Online Student Engagement and the Uncontrollable Conversation

Students using their smartphones in a row

Universities undoubtedly understand the importance of their social media channels. But what are they doing with (and how do they benefit from) the uncontrollable conversation?

Social media has traditionally been a great tool for recruitment and retention, sure. Some are finding innovative ways to raise money online. All should be going beyond their own channels to look and listen for brand clues.

That is, a complete social strategy should always include monitoring and engagement, but engagement can (and should) go beyond comments and replies. Listening to the social conversation will allow for better, more carefully constructed content. Chances are it will also help with operations.

In 2015, students flock to the net to connect with each other. Most schools’ students have an array of online communities, groups and pages across different social media channels. As people become more and more fond of digital relationships, chatter between students, parents and alumni will continue to happen on the web.

This means online communities for college students now thrive independently from university control. This takes the conversation out of the school’s control and opens it up for the world to see. I’d be interested to know if certain schools are being perceived as well as they think.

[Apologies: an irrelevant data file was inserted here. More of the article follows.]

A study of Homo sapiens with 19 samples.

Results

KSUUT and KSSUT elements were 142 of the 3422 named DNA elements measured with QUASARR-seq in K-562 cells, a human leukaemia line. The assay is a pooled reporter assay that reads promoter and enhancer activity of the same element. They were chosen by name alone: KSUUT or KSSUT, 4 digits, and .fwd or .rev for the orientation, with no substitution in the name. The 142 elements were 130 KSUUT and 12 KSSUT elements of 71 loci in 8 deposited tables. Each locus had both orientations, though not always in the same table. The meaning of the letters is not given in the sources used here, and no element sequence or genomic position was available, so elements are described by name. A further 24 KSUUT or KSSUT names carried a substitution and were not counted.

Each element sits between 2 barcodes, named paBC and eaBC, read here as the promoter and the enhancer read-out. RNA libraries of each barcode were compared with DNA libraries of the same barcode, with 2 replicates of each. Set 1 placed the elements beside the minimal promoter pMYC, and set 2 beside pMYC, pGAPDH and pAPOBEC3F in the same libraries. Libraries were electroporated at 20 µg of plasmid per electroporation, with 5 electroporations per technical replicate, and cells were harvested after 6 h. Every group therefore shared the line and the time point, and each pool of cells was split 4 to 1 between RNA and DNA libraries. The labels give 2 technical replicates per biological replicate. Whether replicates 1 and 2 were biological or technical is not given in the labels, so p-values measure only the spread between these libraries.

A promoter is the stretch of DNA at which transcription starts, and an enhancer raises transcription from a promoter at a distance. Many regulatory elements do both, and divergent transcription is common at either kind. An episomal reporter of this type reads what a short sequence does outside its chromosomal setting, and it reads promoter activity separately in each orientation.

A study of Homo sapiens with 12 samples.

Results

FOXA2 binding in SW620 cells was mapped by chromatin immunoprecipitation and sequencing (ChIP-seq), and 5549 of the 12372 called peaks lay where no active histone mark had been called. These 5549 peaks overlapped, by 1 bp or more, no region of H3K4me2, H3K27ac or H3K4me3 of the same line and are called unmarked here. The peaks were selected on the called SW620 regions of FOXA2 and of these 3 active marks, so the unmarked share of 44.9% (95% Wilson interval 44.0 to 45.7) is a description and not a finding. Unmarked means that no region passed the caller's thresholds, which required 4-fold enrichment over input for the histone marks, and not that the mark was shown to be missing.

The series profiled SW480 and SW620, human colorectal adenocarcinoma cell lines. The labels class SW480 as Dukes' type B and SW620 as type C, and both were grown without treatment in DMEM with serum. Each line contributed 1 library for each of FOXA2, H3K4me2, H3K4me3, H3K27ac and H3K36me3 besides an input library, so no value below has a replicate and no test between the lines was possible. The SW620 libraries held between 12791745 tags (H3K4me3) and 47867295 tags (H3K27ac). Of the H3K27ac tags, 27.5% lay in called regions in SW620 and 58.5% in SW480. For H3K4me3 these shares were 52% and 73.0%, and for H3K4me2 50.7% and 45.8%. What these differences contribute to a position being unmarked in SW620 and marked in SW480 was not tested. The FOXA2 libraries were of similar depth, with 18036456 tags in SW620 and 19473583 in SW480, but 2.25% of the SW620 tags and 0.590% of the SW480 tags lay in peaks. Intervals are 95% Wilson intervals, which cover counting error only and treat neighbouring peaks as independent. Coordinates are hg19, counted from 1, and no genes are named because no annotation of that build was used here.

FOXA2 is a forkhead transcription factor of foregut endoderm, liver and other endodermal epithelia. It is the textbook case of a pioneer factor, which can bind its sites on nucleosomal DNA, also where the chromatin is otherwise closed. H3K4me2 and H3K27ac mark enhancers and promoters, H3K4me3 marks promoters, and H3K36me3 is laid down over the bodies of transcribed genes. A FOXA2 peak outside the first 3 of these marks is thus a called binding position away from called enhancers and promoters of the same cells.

While the hypothetical dining hall probably gets a lot of traffic, it might come as a surprise that there’s a student-run Instagram page dedicated to the nightmare that is “Taco Tuesday.” The simple takeaway: stop boosting posts about “Taco Tuesday” every week…and start serving another dish.

With the increasing importance of social media for the branding efforts of a school, it’s time for universities to readjust how they foster and engage with active online communities. Tuning in to the buzz and applying what’s learned could greatly improve social media efforts – and poke a few holes elsewhere along the way.

Proactively engage, but don’t forget to actively listen, too.